A top Freddie Mac executive who’d worked at the company since 1992 was found in dead at his home in Reston, Va. today, an apparent suicide.
David Brian Kellermann, 41, who became acting chief financial officer in September when Freddie Mac was placed in government conservatorship, leaves behind a wife and daughter.
"The Freddie Mac family is truly saddened by the news this morning of David Kellermann’s death," said the company’s interim CEO, John Koskinen, in a statement. "We extend our deepest condolences to David’s family and loved ones for this terrible personal tragedy."
According to a company bio on Freddie Mac’s Web site, Kellermann had been with Freddie Mac for more than 16 years, beginning as a financial analyst and auditor. He then worked for several years in the company’s securities sales and trading unit, and held positions in the company’s capital markets division.
Before being named acting CFO, he was vice president, strategy execution and integration, and the Investments and Capital Markets division controller.
A graduate of the University of Michigan who also held a master’s of science degree in finance from George Washington University, Kellermann was a volunteer board member of the D.C. Coalition for the Homeless.
Koskinen said Kellermann’s "extraordinary work ethic and integrity" were inspiring, but that he would be most remembered for his "affability, his personal warmth, his sense of humor and his quick wit."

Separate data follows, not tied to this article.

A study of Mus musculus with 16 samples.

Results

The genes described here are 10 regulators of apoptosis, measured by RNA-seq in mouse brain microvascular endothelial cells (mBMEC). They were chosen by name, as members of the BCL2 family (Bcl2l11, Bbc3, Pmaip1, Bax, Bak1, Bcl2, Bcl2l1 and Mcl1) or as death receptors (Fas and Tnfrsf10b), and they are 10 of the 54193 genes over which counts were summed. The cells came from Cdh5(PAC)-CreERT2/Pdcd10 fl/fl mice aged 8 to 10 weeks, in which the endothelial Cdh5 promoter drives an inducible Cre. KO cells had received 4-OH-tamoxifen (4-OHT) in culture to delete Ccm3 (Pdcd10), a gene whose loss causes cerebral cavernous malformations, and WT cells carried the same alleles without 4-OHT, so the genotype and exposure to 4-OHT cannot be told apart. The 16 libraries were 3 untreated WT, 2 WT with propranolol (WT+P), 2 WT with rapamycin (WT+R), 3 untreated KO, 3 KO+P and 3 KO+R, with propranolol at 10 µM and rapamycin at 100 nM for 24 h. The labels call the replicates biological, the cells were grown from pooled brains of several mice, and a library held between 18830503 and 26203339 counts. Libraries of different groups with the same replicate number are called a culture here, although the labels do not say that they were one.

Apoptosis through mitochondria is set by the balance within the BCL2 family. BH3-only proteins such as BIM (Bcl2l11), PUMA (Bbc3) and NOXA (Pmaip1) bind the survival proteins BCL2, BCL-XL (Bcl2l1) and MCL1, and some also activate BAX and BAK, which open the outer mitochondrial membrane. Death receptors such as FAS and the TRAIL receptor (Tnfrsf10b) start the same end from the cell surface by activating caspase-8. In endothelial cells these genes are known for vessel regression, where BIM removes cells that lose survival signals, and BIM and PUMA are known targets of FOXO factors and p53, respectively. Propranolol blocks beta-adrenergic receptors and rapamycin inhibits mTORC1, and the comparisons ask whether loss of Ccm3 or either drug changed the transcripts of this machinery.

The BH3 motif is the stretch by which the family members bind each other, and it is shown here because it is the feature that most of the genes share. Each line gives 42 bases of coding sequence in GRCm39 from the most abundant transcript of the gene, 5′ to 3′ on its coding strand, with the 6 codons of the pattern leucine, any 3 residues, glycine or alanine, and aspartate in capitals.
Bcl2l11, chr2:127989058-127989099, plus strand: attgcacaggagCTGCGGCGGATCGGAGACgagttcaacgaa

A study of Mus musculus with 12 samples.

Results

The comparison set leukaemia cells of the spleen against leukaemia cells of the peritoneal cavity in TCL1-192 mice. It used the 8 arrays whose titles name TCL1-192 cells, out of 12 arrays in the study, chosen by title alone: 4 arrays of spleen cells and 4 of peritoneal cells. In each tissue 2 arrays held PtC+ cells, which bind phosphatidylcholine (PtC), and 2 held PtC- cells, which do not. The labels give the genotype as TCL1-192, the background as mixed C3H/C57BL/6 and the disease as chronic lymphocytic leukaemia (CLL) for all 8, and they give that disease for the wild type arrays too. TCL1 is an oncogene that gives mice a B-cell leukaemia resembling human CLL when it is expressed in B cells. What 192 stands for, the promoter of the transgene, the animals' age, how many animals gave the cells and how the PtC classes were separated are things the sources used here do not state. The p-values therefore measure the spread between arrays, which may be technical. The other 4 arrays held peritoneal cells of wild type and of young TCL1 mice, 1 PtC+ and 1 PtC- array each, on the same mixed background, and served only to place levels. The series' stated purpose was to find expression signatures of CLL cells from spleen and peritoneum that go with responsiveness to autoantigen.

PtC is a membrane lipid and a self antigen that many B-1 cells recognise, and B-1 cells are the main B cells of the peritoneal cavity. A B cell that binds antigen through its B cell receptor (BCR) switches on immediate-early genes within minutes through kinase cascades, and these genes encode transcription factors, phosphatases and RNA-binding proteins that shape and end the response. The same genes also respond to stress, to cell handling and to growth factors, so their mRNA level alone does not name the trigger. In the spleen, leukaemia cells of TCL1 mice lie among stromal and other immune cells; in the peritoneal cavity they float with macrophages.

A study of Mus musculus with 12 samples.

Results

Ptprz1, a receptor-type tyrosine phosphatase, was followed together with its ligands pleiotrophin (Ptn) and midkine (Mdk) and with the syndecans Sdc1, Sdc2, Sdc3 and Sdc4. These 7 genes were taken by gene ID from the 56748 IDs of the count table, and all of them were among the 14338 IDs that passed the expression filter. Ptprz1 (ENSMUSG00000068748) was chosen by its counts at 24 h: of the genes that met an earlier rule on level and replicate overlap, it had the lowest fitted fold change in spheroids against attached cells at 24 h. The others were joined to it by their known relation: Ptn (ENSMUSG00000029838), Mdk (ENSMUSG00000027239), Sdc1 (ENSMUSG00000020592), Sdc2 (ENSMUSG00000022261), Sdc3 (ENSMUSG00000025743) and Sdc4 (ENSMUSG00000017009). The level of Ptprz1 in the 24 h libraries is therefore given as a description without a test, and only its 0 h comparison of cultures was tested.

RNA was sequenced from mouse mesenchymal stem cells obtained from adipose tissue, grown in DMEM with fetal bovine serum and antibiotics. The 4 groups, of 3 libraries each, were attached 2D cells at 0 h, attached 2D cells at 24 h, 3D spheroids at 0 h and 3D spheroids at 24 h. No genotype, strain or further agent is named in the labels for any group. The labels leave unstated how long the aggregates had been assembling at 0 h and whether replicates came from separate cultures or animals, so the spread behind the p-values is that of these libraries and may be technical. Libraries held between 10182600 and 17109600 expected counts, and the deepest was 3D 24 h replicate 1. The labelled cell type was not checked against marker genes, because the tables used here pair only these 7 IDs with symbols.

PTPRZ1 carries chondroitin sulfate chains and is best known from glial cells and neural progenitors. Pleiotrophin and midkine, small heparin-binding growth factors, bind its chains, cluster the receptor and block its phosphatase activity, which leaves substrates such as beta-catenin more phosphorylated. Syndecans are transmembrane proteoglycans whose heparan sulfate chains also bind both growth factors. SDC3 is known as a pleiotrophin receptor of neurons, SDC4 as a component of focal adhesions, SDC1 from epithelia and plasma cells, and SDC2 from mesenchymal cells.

As acting chief financial officer, Kellermann was responsible for Freddie Mac’s financial controls, financial reporting, tax, capital oversight, and Sarbanes-Oxley compliance, and oversaw the company’s annual budgeting and financial planning processes.
Police have not confirmed Kellermann’s death was a suicide, but ABC News reported that he was founding hanging in his basement this morning. ABC noted that Kellermann had been selling off his shares in Freddie Mac in recent months for a fraction of their former value.
According to an SEC filing, the 38,861 shares of Freddie Mac Kellermann owned as of April 11 were worth about $33,400 at Tuesday’s closing price of 86 cents per share. Those same shares would have been worth about $2.9 million as recently as May, 2007, when Freddie Mac was trading at $67 a share.